Let’s face it: there are just some things that are universally unsettling. Dolls, ventriloquism dummies, mannequins, and humanoid robots all tend to create this uneasy feeling in us – sometimes, we’re even afraid of them, despite the fact that they aren’t really alive.

This effect, and the feelings associated with it, are known as the uncanny valley.

Though it began as a simple psychological curiosity, the uncanny valley has become a huge concern in the fields of computer animation, robotics, and artificial intelligence.

But why does this happen? What happens to our brains when we see something that isn’t quite human? Let’s take a look.

Residents of the Valley

Uncanny ValleyThe first mention of the phenomenon appeared in an essay written by robotics professor Masahiro Mori in 1970 entitled Bukimi no Tani, or The Valley of Eeriness.

He was writing primarily about the feelings that arose when he looked at figures, but the term would eventually apply to dolls, ventriloquism dummies, and robots. The English term was first coined in “Robots: Fact, Fiction, and Prediction”, a 1978 book by Jasia Reichhardt. Since then, research into the effect and how to avoid it has grown exponentially – there were 510 separate academic papers that mentioned the effect published in 2015.

Entities that trigger the effect tend to share a particular set of traits. They are meant to mimic humans, but discrepancies in their vocal patterns, movements, or appearance make it so that they aren’t quite perfect replicas of human beings. This near-realism sets off a reaction in our brains that varies from discomfort to deep revulsion. But why? What’s going on?

It’s Just a Design Flaw

The most basic explanation for the uncanny valley effect is that there’s something hardwired in us that causes us to be repulsed by things that look human, but aren’t quite there.

Some theories tie it to an instinct called pathogen avoidance – basically, we’re programmed to avoid things that look unhealthy or diseased to prevent the spread of possible pathogens. This is why it’s so easy for us to be afraid of zombies – despite the fact that they were once human, they move sluggishly and are clearly diseased.

Mismatched expressions between the eyes and mouth, or a lack of emotion in the eyes altogether is thought to denote psychopathy – considering that many simulated humans lack eyeballs that function like ours do, this is a common problem that plunges simulations into the uncanny valley.

Deviation from social norms in the eye contact, movement, or voice modulation could also denote psychopathy. Serial killers like Hannibal Lecter are often given these traits to make them less human than the people around them, and thus make our feelings towards them almost entirely negative.

Psychological Issues and Existential Crises

Uncanny ValleySome theorists believe that the entities in the uncanny valley straddle the lines between our categories of “human” and “not human”, or perhaps “alive” and “not alive”.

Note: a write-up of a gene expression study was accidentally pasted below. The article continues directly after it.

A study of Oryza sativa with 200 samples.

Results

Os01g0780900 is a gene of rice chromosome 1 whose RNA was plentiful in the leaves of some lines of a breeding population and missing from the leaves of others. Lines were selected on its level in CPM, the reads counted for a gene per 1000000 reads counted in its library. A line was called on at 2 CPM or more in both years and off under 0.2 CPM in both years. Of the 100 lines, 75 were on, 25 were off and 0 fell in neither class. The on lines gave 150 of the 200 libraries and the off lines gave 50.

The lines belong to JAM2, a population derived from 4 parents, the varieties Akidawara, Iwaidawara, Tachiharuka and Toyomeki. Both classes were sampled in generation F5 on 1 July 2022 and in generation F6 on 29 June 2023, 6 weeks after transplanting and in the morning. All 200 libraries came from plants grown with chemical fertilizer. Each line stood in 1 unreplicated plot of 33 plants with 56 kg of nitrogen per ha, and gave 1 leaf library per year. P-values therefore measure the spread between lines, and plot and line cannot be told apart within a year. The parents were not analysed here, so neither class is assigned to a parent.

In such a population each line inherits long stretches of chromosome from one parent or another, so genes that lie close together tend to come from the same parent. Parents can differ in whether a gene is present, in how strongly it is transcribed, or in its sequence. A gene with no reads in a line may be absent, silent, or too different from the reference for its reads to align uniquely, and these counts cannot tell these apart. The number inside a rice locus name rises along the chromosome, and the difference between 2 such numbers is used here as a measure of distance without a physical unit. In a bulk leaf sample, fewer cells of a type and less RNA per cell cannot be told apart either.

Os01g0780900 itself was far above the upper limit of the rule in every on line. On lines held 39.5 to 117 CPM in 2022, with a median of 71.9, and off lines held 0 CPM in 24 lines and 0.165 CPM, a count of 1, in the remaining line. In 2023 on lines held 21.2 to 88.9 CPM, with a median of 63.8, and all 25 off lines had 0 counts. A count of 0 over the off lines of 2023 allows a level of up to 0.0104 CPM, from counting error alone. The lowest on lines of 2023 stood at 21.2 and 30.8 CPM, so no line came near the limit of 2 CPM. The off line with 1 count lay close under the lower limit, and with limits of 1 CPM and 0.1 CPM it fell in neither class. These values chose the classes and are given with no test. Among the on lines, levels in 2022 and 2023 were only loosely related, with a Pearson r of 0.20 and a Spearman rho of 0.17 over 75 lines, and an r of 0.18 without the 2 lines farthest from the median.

This incomplete movement from one category to another causes a sort of “error message” in the brain, which reacts with revulsion and an instinct to reject the stimulus.

If something looks human, we expect it to be human, but things that reside in the uncanny valley can never satisfy that expectation. This theory applies in the case of “living” dolls such as Chucky – their status as something that should not be living, but nevertheless moving around, and speaking, makes them deeply unsettling for us.

Finally, the existential issues that entities from the uncanny valley could provoke are also cited as a possible reason for the discomfort. Some think that the movement or looks of these entities could remind our brains of corpses, and thus invoke an ingrained fear of death.

Another possibility is that we unconsciously begin considering the humanity of these beings, and thus of ourselves – an uncomfortable conversation for most people.

Though this concept is usually addressed in science fiction with movies like I, Robot, horror can easily employ this in the case of things like ghosts and other spectral beings.

The Valley in the Media

Uncanny ValleyIn 1988, Pixar released a short film entitled “Tin Toy”, featuring a computer-animated infant called Billy. The appearance of the infant descended so far into the uncanny valley that Pixar turned away from making human characters completely for a while, instead focusing on living toys, robots, insects, and other non-humans that stood up better when computer animated.

Since then, computer-animated humans have often been decried by audiences as “creepy”, and this has a devastating effect on the films in which they feature. However, there’s a certain genre that has created uncanny valley residents time and time again with no repercussions – the horror genre.

In an industry that relies on creating unease and fear in its viewers, the uncanny valley is a gold mine. Characters like Jason Voorhees and Michael Myers wear frightening, corpse-like masks that strip them of their humanity and make them even more frightening.

Faceless creatures like Slenderman haunt the forests and backyards of frightened children. The uncanny valley is horror’s bread and butter, even though we barely understand it. With the promising research being conducted into the phenomenon nowadays, the possibilities for scarier horror villains is endless.

Hope for the Future

Despite its beginnings as an interesting thought exercise for psychology majors, the uncanny valley is a new frontier for the horror genre. Though much of the research being conducted now is aimed at bypassing the valley, the results could assist horror authors and directors in creating villains and monsters that crawl through nightmares more effectively than ever before.